President Trump has given his first Presidential Pardon just eight months into his presidency, a move that broke the traditional pattern of pardons. He pardoned Sheriff Joe Arpaio, a controversial figure who was in the process of being charged with criminal contempt of court.
Arpaio’s severe treatment of prisoners caused widespread allegations of racial bias and drew numerous concerns over the well being of detainees. The sheriff would routinely arrest migrants, even though many had their papers in order. He reinstated chain gangs, which is when prisoners are chained together in a long line to form challenging or degrading work, and would use pink handcuffs on inmates. He would also mentally torture the inmates through humiliating clothing choices, such as making them wear pink underwear or forcing them to use pink towels. There were some days when the temperature reached 114 degrees Fahrenheit, and the inmates would be kept outside in the deadly heat.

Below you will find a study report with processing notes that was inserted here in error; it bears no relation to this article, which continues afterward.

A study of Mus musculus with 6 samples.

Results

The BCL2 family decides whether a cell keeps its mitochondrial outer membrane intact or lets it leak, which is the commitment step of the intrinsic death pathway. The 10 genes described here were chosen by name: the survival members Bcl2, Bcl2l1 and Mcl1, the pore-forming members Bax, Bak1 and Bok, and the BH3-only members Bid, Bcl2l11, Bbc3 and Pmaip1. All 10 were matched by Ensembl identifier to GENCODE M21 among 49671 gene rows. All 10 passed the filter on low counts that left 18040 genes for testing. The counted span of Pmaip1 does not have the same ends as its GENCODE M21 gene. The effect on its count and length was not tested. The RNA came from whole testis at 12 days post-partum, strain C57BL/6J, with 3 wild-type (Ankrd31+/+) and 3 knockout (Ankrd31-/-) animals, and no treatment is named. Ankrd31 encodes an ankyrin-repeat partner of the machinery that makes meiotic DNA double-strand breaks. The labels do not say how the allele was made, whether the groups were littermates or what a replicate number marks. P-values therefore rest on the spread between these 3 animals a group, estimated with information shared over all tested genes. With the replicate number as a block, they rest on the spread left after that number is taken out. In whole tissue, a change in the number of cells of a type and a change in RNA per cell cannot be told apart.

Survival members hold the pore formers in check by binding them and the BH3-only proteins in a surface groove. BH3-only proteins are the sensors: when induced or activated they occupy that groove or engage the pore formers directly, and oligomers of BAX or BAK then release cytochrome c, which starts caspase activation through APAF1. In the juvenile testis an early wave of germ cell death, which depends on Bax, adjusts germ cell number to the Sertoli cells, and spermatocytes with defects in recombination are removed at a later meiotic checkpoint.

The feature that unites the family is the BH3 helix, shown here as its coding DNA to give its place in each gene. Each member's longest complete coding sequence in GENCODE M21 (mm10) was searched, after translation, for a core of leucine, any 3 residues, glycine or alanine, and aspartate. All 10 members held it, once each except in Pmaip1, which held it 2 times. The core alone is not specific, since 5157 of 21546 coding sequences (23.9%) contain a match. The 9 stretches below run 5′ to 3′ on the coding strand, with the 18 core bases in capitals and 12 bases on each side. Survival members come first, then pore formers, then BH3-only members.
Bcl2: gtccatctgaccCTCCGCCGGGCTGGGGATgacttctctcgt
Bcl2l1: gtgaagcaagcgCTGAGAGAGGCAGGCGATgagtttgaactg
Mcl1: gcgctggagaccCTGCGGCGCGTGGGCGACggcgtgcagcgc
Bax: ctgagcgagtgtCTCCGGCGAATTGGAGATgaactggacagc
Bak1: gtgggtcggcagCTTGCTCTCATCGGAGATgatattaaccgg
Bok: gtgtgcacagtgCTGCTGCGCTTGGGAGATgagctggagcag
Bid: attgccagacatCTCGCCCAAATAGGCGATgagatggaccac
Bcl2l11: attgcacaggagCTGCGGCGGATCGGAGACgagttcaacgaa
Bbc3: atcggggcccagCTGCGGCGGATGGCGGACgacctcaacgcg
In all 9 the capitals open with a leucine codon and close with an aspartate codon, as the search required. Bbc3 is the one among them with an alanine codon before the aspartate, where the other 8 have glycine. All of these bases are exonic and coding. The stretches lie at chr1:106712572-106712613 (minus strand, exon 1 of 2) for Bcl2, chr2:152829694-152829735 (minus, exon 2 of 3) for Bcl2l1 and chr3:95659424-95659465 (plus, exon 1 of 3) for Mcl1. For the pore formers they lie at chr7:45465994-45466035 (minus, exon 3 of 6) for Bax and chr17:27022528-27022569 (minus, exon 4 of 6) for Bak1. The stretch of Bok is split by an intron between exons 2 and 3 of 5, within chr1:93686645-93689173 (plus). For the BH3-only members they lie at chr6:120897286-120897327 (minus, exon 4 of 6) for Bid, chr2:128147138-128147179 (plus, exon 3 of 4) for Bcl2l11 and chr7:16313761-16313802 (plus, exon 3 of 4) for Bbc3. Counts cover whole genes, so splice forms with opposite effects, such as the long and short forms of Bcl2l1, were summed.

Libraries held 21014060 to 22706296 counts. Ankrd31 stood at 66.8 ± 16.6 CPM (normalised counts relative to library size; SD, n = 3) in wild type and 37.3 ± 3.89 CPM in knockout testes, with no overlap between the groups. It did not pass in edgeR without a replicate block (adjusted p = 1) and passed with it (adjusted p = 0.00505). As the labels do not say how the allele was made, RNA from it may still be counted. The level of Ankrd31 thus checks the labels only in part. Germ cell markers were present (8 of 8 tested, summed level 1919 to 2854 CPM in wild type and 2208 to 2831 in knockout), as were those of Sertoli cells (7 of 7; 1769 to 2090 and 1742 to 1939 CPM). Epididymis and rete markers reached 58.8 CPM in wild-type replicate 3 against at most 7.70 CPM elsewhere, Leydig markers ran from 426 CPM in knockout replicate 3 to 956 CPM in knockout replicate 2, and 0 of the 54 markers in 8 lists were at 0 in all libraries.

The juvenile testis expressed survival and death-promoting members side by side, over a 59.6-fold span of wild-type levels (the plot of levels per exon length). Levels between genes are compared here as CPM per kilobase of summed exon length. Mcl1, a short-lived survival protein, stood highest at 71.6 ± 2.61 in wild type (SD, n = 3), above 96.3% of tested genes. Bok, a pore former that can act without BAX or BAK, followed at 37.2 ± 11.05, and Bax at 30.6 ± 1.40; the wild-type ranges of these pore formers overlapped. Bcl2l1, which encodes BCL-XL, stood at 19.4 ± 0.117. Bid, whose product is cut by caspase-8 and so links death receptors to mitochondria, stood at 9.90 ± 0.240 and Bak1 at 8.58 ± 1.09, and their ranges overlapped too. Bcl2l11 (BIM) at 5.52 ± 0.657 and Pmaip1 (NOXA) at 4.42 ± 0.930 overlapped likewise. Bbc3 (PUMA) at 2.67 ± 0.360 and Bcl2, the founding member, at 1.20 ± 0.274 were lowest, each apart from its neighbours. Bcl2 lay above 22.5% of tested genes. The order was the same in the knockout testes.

According to the Washington Post, “petitions for clemency are normally considered only after five years have passed after a conviction”. Apario’s legal process had yet to finish.
Pardons are meant to serve as a check on the Judicial branch of government, or to correct what the president deems a miscarriage of justice. Trump defended his actions saying, “Sheriff Joe was convicted for doing his job.” Apario, a sworn law enforcement officer, acted in contempt of court and was found by two federal judges to have violated the constitution. Pardoning a sheriff who disobeyed the federal law seems to be in violation of the constitutional mandate that the president execute the law.